Stopping on dry pavement is easy for the most part… so is stopping on snow. But ice? Stopping on ice is almost impossible.
In the past I have found myself feeling like I am trying to stop on ice. I can’t control my direction, I can’t control my speed. Sometimes my life feels as if I’ve been riding along just fine, the roads seem clear, and then out of nowhere–black ice. Unknown. Unseen. Surprise!
My life certainly isn’t like that right now, and for that I am blessed beyond what I can capture in these words. I do see it with some friends, family, strangers, my patients. I see their lives in front of me: either the equivalent of rubbernecking or looking away to avoid their impending crashes on the ice.
We can go out along the road to put up caution signs, spread sand or kitty litter along the paths, or simply encourage our peers to stay home in order to avoid the ice. We can even tell ourselves that our vehicles are AWD so we are safer on the roads.
Our lives are inevitably going to hit ice patches throughout our journeys. How can we become better at stopping on ice?
- Approach intersections with caution: when your life is headed for a possible change in direction, take some time to thoughtfully consider which way you want to go. Slow your life down and be on the lookout for other people coming through the intersection who can’t stop at their red light.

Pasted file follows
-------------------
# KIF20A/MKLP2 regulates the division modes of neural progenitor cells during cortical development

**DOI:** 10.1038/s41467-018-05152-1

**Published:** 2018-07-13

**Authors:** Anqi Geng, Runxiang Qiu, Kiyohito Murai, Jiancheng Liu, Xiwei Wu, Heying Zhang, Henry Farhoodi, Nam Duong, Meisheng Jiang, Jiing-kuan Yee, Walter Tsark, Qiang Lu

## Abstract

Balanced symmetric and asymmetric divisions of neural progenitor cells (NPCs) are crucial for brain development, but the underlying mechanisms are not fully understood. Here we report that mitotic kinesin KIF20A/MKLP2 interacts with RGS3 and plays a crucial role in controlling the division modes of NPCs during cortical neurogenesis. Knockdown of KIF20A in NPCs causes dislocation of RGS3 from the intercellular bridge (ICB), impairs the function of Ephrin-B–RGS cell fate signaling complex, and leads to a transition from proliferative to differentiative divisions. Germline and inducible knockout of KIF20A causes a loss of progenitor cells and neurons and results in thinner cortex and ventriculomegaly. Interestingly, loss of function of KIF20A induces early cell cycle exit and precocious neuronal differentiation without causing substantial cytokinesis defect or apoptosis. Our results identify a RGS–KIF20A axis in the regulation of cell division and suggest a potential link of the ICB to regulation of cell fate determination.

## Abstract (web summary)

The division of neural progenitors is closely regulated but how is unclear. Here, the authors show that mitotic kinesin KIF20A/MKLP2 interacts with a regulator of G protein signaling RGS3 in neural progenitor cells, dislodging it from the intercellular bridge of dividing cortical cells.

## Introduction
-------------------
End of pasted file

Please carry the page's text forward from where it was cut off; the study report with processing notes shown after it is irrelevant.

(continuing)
- Accelerate slowly: preventing tires spinning is achieved by pressing that accelerator down gradually. If you go pedal-to-the-metal then your tires won’t have any chance to catch traction and your tires will just start spinning. Whether you are accelerating from a full stop on a new project, or if you are trying to pass someone on a slower path than yourself, ease into the gas to avoid crashing.
- Use your engine to stop while going downhill: downshift your car, use your engine’s ability to throttle back the machine’s speed. If you hit the brakes on a downward slope then the probability that you will slide out of control is much higher! We can all be cruising along (kind of like where I am right now in my life) a downhill slope (and that’s not a bad thing!)… but what happens when that downhill gets a little slippery? Shift into a lower gear, ease into slowing down. Don’t hit your brakes.
- Hold it steady through a curve: just like the ups and downs of a country road, curves are ever-present in our lives, too. The curves can be super fun when the weather is good, but whenever there is a chance for ice to form, proceed into a curve with caution. Find your intended line, keep your steering steady, and maintain your speed. Avoid hitting the brakes or stepping on the gas.